Many journals publish correspondence or short reports that are brief research works, usually with a single finding, straightforward methods, and not much more than that. They are intended for quick, "Hey, we've always wanted to know the value of X, and turns out it's 7" studies - they belong in the literature, and may be useful, but are not a full research paper.
They are often also referred to as letters, notes, or by other names. Sometimes they're purely defined by concept, sometimes by word count.
For example, consider Ecology:
"Notes are short papers that present significant new observations and methodological advances. Notes may contain results that are not sufficiently elaborated or developed as to justify an Article, but which are still of considerable potential significance."
"...an Article tells a more complicated story with distinct components. The greater length of Articles relative to Reports must be justified by their greater complexity
Or American Journal of Epidemiology, which uses word counts:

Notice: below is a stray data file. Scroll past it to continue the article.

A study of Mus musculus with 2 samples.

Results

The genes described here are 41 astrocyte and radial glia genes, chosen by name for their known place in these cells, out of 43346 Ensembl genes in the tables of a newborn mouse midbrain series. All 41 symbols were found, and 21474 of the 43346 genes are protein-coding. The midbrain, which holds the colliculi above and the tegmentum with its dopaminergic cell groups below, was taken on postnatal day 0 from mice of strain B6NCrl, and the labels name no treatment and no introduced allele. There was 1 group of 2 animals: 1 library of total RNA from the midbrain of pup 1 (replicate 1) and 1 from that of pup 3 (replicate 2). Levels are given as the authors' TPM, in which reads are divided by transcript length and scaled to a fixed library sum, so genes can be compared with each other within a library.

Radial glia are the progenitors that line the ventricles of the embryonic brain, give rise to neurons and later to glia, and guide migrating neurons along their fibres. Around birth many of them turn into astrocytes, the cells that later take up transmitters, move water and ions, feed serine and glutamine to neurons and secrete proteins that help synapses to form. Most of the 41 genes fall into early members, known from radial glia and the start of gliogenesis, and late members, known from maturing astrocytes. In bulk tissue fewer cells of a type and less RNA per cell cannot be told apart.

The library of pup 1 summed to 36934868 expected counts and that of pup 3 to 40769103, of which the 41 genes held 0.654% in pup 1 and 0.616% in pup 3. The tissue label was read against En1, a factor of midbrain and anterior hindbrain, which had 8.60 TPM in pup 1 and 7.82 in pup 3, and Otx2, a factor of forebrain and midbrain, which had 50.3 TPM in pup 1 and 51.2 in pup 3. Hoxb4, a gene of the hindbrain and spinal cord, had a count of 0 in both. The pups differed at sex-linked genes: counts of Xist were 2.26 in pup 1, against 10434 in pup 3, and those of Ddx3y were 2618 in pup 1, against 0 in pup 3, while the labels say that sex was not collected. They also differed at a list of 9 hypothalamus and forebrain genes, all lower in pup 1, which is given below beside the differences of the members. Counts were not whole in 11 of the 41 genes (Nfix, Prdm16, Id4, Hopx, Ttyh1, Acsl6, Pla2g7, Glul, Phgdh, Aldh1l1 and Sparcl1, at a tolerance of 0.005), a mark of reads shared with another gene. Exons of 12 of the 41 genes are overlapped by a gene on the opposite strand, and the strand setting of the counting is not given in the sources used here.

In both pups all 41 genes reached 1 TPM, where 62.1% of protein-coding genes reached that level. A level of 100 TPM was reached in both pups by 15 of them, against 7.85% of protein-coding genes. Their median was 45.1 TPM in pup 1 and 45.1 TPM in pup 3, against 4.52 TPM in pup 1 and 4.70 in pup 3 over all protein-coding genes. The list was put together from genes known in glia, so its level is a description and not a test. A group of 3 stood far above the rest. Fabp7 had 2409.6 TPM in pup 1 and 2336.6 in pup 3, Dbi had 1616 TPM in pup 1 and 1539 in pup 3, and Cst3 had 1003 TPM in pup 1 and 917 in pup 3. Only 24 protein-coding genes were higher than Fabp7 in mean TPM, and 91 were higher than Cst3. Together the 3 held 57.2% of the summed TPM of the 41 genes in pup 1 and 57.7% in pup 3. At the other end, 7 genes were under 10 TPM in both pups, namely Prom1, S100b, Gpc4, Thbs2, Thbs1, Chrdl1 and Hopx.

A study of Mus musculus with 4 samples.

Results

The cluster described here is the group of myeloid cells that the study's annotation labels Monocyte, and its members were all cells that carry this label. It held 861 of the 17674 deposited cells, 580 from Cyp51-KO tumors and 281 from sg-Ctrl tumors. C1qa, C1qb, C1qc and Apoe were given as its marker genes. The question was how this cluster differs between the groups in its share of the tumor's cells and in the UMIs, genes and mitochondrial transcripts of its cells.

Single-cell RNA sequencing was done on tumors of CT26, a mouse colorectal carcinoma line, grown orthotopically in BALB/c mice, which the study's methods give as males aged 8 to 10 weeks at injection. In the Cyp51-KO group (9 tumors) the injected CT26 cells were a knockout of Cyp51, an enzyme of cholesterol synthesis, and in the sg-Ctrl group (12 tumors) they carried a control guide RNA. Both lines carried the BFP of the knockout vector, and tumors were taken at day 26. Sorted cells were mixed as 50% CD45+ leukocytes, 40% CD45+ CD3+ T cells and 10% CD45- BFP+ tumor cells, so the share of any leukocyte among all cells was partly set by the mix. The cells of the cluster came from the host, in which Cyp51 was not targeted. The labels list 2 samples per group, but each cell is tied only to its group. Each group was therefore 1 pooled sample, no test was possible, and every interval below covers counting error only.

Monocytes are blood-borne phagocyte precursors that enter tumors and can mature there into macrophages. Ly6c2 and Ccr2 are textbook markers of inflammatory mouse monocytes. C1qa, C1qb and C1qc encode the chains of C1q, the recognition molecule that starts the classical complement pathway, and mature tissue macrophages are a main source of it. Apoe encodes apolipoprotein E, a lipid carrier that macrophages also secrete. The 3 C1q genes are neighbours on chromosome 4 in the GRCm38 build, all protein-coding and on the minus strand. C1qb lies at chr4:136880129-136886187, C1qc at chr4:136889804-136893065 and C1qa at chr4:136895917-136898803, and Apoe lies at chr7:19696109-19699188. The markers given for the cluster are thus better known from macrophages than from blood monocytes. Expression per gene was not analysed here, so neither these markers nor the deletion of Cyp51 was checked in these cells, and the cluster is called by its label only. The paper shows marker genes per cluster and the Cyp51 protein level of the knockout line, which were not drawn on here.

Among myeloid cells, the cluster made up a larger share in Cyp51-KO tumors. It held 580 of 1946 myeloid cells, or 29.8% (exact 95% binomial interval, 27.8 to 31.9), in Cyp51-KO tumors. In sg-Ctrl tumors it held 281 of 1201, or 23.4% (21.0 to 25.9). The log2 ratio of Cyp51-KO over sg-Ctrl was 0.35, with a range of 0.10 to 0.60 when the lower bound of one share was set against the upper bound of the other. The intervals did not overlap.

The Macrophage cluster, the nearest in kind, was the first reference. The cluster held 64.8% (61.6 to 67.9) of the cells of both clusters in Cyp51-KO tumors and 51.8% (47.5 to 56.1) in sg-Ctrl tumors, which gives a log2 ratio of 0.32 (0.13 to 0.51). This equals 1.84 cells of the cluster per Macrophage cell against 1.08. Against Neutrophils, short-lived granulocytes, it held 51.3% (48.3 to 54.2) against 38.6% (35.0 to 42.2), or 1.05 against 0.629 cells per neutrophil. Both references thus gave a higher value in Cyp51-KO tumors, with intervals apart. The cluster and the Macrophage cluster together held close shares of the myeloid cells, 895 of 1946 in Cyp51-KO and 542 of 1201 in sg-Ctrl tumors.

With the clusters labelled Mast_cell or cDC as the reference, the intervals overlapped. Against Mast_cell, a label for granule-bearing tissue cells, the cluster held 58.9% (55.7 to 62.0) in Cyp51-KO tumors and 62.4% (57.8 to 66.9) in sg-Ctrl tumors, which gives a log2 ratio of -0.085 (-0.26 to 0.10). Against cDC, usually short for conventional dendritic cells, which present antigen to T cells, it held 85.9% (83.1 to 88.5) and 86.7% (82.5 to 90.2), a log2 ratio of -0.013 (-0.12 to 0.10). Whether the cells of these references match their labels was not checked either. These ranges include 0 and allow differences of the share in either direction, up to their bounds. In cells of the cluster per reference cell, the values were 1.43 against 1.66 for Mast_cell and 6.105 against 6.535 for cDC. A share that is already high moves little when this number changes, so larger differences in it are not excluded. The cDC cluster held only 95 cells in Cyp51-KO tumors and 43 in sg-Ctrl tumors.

The maximum number of words per article, exclusive of tables, figures, references, and abstract, should be as follows: Original Contribution, 3,500; ...Brief Original Contributions, 2,000 (with no more than 2 half-page tables and 40 references)
or Infection Control and Hospital Epidemiology:
Original Articles should include a title page, a structured abstract of no more than 250 words (see below), a text of no more than 3,000 words, no more than 7 tables and figures, and no more than 40 references.
Concise Communications should include a title page, a narrative abstract of no more than 50 words, a text of no more than 1,200 words, no more than 2 tables or figures, and no more than 10 references.
Research Briefs should include a title page, a text of no more than 900 words, no more than 1 table or figure, and no more than 10 references. This category of article is intended for the presentation of short, focused, and evidence-based experimental observations: substantial preliminary and novel results of importance to the journal readership but not substantial enough in content to warrant a longer presentation. Research Briefs undergo the same peer review as longer article types.
Your paper is either too short, or only presents a short, focused result that the journal does not consider a "full" paper. It's hard to know, as they won't exactly lay out the definitions of papers they don't accept, but you may want to look at similar journals to see if there is a field-based consensus for what a sufficiently large finding is.